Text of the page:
4 Ways To Improve Your Team’s Culture
By: Sarah Robins
We talk about culture a lot on our team here at Vanderbloemen. It’s now becoming a hot topic for a lot of churches and ministries as well. A strong team culture can foster growth, attract great talent, and, most importantly, move the church forward.
Here are 4 key pieces to improving your church staff’s culture this year.
1. Improve your communication.
The longer I live, the more I believe that most things in life would be drastically improved with better communication. Marriages would be better, flight delays would be better, and workplaces would be better. Communication is a huge part of your team's culture.
One of the biggest reasons the Vanderbloemen team has won multiple culture awards is the emphasis we put on good communication. We have clarity around two major facets of communication:
- How we communicate as a company: We know the response time expected of us in each form of communication (email, phone, text, etc.) and we save texts or phone calls solely for urgent information or questions needing the quickest response.
- How we communicate with each other: We each take a personality test and study how each personality type communicates. Each team member is wired differently, so we all make an effort to adapt our communication to each person when necessary. This requires some team training, but our leadership would say it is a more-than-worthy investment.
Take a look at how effective and efficient your team is at communication and invest in improving that.
2. Get buy-in on the vision.
A common misnomer about creating a great company culture is that it’s all about parties, free snacks, and cool events. That's not true. Culture starts and ends with your vision and values. If your team isn’t bought into why they’re getting up everyday and giving their talents to your vision, your culture is going to suffer.
Take a survey of your team’s current understanding and buy-in of your vision and values. Can everyone, from your administrative staff to your team leaders, clearly say what the short-term and long-term vision is? Can everyone clearly articulate why they’re invested in this vision? Can they recite your team values and which ones are their favorite?
If not, spend the next few all-staff meetings championing this vision, and give real and earnest inspiration for the coming year. Once you’ve reestablished where you’re going as an organization, spend some time every month revisiting this along with progress to achieving this year’s goals.
3. Celebrate the wins.
This one should be easy, right? When something great happens, you tell people about it and celebrate! The misstep here is how it’s celebrated and with whom it’s celebrated.
Too often, a win is celebrated with an immediate circle and not the whole team. Often, the worst offender of this is the leadership team. They are privy to more information and updates than most of the team and can forget to pass along exciting news to the rest of the staff.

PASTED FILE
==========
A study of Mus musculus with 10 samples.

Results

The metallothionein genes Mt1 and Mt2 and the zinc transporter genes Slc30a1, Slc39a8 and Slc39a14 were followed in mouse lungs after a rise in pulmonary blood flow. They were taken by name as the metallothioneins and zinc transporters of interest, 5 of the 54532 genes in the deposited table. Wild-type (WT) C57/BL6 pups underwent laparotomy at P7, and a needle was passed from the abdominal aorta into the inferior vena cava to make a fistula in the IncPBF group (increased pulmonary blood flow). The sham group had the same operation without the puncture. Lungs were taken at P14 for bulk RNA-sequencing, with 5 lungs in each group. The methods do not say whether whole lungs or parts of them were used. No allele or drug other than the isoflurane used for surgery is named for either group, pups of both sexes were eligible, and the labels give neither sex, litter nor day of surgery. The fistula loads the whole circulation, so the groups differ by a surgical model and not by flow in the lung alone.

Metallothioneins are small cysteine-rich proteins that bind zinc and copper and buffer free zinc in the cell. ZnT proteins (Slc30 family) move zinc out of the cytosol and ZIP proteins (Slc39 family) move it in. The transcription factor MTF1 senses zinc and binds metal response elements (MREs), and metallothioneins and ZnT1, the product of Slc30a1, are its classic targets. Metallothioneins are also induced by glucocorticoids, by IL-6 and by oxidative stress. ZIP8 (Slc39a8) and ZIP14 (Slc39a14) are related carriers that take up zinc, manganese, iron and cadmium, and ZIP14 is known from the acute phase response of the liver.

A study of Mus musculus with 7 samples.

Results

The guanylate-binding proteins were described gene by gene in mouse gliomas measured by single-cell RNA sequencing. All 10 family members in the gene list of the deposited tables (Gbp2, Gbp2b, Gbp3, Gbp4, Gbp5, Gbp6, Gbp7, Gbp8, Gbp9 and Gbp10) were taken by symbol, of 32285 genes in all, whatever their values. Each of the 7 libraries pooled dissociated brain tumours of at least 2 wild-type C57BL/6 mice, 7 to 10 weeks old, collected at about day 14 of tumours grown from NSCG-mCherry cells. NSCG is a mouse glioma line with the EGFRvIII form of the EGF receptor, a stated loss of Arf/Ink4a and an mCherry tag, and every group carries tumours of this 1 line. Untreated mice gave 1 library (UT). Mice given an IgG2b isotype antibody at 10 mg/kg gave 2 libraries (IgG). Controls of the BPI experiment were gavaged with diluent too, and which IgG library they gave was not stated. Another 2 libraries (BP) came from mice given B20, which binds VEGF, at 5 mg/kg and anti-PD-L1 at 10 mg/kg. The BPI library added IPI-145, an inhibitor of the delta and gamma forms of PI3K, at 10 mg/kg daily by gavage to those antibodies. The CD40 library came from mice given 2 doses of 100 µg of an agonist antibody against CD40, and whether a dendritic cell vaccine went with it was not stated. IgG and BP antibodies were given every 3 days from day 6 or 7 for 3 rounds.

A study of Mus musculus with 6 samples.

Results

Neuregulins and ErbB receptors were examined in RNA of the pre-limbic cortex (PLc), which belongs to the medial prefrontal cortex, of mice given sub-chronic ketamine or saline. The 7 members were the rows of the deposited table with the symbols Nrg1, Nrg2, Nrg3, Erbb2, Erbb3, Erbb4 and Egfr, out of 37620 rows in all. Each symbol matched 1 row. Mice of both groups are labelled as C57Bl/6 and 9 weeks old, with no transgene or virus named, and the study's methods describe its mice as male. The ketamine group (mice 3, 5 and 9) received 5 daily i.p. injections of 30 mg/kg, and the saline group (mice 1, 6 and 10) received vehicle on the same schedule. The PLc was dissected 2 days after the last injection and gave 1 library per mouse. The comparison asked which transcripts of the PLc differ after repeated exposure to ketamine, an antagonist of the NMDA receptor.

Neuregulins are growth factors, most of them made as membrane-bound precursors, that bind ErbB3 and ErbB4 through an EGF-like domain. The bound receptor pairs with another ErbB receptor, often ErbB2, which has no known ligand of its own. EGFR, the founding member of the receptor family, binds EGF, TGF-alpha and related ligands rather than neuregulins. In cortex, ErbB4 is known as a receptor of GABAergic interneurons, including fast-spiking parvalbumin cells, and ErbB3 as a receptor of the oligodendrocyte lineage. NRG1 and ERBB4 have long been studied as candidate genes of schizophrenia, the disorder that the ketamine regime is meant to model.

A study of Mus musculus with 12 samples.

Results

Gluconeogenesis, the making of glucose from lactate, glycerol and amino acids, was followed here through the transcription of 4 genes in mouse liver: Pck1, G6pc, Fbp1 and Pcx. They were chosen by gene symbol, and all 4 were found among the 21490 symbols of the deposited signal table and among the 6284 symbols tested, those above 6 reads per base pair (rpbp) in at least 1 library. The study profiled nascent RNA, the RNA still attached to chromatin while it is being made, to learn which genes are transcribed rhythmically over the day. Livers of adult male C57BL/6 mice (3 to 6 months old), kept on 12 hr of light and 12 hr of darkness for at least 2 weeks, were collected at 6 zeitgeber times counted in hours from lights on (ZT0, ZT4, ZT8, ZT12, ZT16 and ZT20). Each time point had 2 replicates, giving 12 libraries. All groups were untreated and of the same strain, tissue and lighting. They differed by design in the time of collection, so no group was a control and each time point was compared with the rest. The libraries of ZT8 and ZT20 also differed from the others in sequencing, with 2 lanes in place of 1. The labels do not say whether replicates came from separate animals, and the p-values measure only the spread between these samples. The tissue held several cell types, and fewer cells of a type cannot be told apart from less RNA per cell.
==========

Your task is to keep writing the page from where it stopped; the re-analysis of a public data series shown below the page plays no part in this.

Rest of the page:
Doing this well goes back to my previous point. When you’re trying to create buy-in from your team on a vision, you’ve got to let everyone in on the high-five moments. Find a way to publicly celebrate hitting these goals every week. Create a weekly email blast that lists the “Things to Celebrate,” or carve out time in every all-staff meeting for one of the staff members to share something great that happened that week.
Bottom line, if you bring your team into these exciting spaces together, it will foster a stronger culture around your vision.
4. Add some fun.
For better or for worse, I’m one of those humans that will always believe that most people could use a bit more fun in their lives. I believe injecting some scheduled fun into your staff culture this year will do a whole lot of good.
To put this in the simplest of terms, people form bonds in times of laughter. Planning some fun for your church staff doesn’t need to be expensive or excessive, just intentional. Here are a few easy ideas:
- Theme dress days: Alma mater day, wear your favorite sports jersey day, silly Christmas Sweater day, etc.
- Surprise ice cream bar: Invite everyone to take a break and make their own ice cream sundae in a common area.
- Karaoke lunch: Borrow or rent a karaoke machine and have the team show off their pipes.
- Video of the week: Everyone has a favorite cat video on youtube. Once a week, a staff member can take turns sharing their favorite funny video. It creates a lot of fun conversations that day!
Every church’s culture is different, so think about some fun simple things your staff would enjoy doing, and plan some of these throughout the year.
What are some ways you think culture can be fostered best?